A group of Saudi dissidents exiled in countries including Britain and the US announced Wednesday the launch of an opposition party, the first organised political resistance under King Salman’s rule.
Saudi Arabia is an absolute monarchy that does not tolerate any political opposition, but the formation of the National Assembly Party on the kingdom’s national day comes amid a growing state crackdown on dissent and freedom of expression.
“We hereby announce the establishment of the National Assembly Party, which aims to institute democracy as a form of government in the kingdom of Saudi Arabia,” the group said in a statement.
The party is headed by prominent London-based human rights activist Yahya Assiri, and its members include academic Madawi al-Rasheed, researcher Saeed bin Nasser al-Ghamdi, US-based Abdullah Alaoudh and Canada-based Omar Abdulaziz, sources close to the outfit told AFP.
The development is unlikely to unseat the Arab world’s most powerful monarchy, but the development poses a fresh challenge to Saudi Arabia’s rulers as they grapple with low crude oil prices and gear up to host a G20 summit in November.
“We are announcing the launch of this party at a critical moment to try to save our country… to institute a democratic future and to respond to our people’s aspirations,” Assiri, the party’s general secretary, told AFP.
Assiri, a former Royal Saudi Air Force officer, founded the London-based human rights organisation ALQST.
There was no immediate reaction from Saudi authorities.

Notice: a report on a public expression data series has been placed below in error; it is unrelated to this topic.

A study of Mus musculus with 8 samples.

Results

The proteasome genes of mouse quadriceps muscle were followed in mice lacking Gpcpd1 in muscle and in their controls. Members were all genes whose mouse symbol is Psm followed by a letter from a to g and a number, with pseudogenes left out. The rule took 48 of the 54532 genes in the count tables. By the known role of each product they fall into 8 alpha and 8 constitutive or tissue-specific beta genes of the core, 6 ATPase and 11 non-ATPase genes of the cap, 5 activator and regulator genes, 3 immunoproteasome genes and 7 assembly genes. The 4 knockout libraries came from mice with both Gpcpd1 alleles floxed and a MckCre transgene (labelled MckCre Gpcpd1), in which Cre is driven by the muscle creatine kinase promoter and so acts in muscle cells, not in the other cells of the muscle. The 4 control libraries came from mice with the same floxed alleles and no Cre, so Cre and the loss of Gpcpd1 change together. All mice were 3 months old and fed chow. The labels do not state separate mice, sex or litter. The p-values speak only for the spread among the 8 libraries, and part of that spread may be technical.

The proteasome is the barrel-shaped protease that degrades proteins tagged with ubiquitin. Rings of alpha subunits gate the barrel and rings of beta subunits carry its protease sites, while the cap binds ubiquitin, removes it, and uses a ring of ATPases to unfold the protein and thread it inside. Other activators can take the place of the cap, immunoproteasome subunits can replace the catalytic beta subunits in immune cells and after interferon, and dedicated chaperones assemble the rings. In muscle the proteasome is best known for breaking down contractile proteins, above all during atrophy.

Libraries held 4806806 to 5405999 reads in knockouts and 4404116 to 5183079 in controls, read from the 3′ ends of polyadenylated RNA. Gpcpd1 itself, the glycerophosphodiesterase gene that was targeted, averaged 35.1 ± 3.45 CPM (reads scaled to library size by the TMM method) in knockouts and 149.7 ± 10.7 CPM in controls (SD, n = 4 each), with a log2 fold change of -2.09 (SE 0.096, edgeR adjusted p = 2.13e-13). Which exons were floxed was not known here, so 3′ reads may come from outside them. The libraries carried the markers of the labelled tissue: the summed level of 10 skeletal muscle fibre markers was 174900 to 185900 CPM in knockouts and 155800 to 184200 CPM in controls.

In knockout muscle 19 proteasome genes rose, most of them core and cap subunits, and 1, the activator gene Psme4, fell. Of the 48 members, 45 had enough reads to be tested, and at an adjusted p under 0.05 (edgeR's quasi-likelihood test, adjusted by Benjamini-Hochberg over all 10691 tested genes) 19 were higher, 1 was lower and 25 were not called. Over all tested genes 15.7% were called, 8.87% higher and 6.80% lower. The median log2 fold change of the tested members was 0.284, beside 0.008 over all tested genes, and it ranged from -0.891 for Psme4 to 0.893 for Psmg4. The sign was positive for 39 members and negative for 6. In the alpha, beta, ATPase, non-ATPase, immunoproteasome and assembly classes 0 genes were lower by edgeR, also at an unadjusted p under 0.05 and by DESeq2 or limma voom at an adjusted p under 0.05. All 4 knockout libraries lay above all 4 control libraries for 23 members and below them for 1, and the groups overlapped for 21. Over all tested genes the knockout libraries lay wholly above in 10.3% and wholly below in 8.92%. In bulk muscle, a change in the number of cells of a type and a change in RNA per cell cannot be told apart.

The announcement comes at a time when “the scope for politics has become blocked in all directions”, the party statement said.
“The government constantly practices violence and repression, with mounting numbers of political arrests and assassinations, increasingly aggressive policies against regional states, enforced disappearances and people being driven to flee the country,” it added.
Saudi Arabia has long faced international criticism over its human rights record.
But the criticism has grown since Crown Prince Mohammed bin Salman was named heir to the Saudi throne in June 2017.
In particular, the brutal October 2018 murder of journalist Jamal Khashoggi inside the Saudi consulate in Istanbul sparked unprecedented international scrutiny of the kingdom’s human rights record.
The global fallout over the murder tarnished the crown prince’s reputation as a self-styled reformer, casting a shadow over his ambitious attempts to modernise the conservative kingdom’s economy and society.
The formation of the opposition party is a “very long overdue move”, said Alaoudh, whose father Salman al-Awda, a religious cleric, faces the death penalty after he was arrested in September 2017.
The party seeks to protect the country from “upheaval and absolute dictatorship and pave the way for democracy in a peaceful transition,” he told AFP.